I think it would be a good idea to add a new flag category: Health and Safety, to cover instructables whose use could cause bodily harm or have unintended consequences.

Many ideas pass through here, some are not as well thought out as others, and some are just dangerous and unsafe.

Other users use the "inappropriate" flag to report potentially dangerous content. Whichever flag you choose, that project will be examined by a real, live human being.
Hi, Wade. This is quite true, and I've used the Inappropriate flag myself for content which is inescapably dangerous (like that stupid "submarine" which was essentially a trapped air pocket). The problem with the Inappropriate flag is that there is no interface to explain the flag (Did the author use offensive language? Put it in the wrong category? Post something that isn't instructive?). Relying on Staff to read minds puts an extra burden of both effort and time on them.
This might be the perfect occasion for adding a comment with the relevant information and immediately flagging it. "This project is lethal." Flag the project as inappropriate, flag your own comment as inappropriate, and the requisite information is there for staff to evaluate.

This is hacky as all get-out, but it does accomplish the goal of identifying health/safety issues with enough actionable information to at least eliminate the bathtub Tesla coils and cardboard potato cannons and submarine death traps.

Obviously dangerous projects should be identified by staff and unindexed. If that isn't happening, please escalate the matter to service@instructables.com.
ringai (author)  wilgubeast4 years ago
Being able to add a free-form comment to the inappropriate flag would be an acceptable option. My ire was raised by an author's apparent unconcern over co-opting of the word "featherboard."

Woodworkers the world over hear "featherboard" and instantly know that it is a device that both holds wood tightly to a reference surface and prevents said wood from being thrown back (i.e., a kickback) from the processing blade, whether that be a saw blade, router bit, or shaper blade.

The author created a hold down that merely pressed the wood against the reference surface without providing any protection from kickbacks. A kickback is quite capable of seriously injuring or killing, or causing serious property damage. Imagine a chunk of 2x4 flying out of a saw at several hundred miles per hour.

A seasoned woodworker can look at that project and know that it's unsafe and that despite the author's title, that the item is absolutely not a featherboard. However, a person with zero experience, having heard from veteran woodworkers that featherboards provide protection against "deadly" kickbacks, may look at that project and through inexperience actually use it as a featherboard simply because of the title. That action could have serious consequences.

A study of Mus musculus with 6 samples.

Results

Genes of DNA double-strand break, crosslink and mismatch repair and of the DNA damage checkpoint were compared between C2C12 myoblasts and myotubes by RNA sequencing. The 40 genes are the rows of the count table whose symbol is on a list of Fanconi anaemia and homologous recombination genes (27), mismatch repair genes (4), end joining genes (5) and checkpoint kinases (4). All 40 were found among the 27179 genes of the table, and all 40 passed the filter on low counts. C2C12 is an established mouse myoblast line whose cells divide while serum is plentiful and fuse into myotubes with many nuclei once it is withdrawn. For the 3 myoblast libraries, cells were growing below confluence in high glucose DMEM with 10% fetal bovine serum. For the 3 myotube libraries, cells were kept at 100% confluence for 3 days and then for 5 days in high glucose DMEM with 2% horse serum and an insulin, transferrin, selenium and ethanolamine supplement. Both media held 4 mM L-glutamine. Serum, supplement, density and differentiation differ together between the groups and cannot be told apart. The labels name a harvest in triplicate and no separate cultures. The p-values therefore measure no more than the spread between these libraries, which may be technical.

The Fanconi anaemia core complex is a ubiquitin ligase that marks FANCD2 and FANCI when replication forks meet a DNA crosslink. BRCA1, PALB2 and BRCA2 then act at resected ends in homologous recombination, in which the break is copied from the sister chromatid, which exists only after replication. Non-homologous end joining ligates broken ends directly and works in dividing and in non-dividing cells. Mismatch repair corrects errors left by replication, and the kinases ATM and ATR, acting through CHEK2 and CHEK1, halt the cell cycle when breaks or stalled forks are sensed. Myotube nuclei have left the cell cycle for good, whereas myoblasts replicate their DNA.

On a 12" blade, running at 3000 RPM, the edge is moving at around 100mph, just out of interest.
ringai (author)  steveastrouk4 years ago
Yep, it's zinging right along. If you're unlucky enough to have it knock something back at your, it looks like something north of the speed of sound.

I remember watching David Thiel doing a TV segment and get a kickback that caught him somewhere south of the belt buckle, but not to far south. They cut the scene before the strike and he didn't sound any different in the next scene, so it wasn't too bad. But that's only because it was a really short piece of light wood. The consequences could have been much different if it'd been a couple feet of teak ;-)

I've had a couple kickbacks. I was unfortunate enough to witness a serious tablesaw accident about 30 years ago, so I'm a big believer in push sticks and standing on the other side of the fence. The first one broke my water heater. The second broke a leg on a wooden stool at my workbench.

I've passed along my big TS to my SIL. I have a dewalt jobsite saw that I use now and again. Mostly I turn wood now.
You guys aren't (or weren't) too hot on having riving knives on saws. Are they used now ?
ringai (author)  steveastrouk4 years ago
I don't think it was a dislike so much as the expense of buying a saw that had one. Until recently, riving knives were a feature found only on high-end tablesaws. At least in North America.

There are some saws for which you can purchase a retrofit riving knife. Unfortunately, mine wasn't one of them. I relied on the integral splitter and anti-kickback pawls on my blade guard.

Many newer tablesaws have incorporated riving knives.
I know for many years it was illegal to import American tablesaws, because of the lack of the knives I think, as well as no blade brakes. I toyed with importing a nice Delta saw once. In the end I have a own-label sliding-bed Cast iron saw from a UK source which is absolutely rock solid, and a joy to use.
ringai (author)  steveastrouk4 years ago
Man, that must be sweet. I lusted after a sliding table for quite sometime, but space and money always win: I had neither! Now that the SIL has the tablesaw, I have so much more space in my shop. I filled it with a new lathe and a bit more storage. I'm still trying to squeeze out some storage space for drying bowls and not having a lot of luck doing so.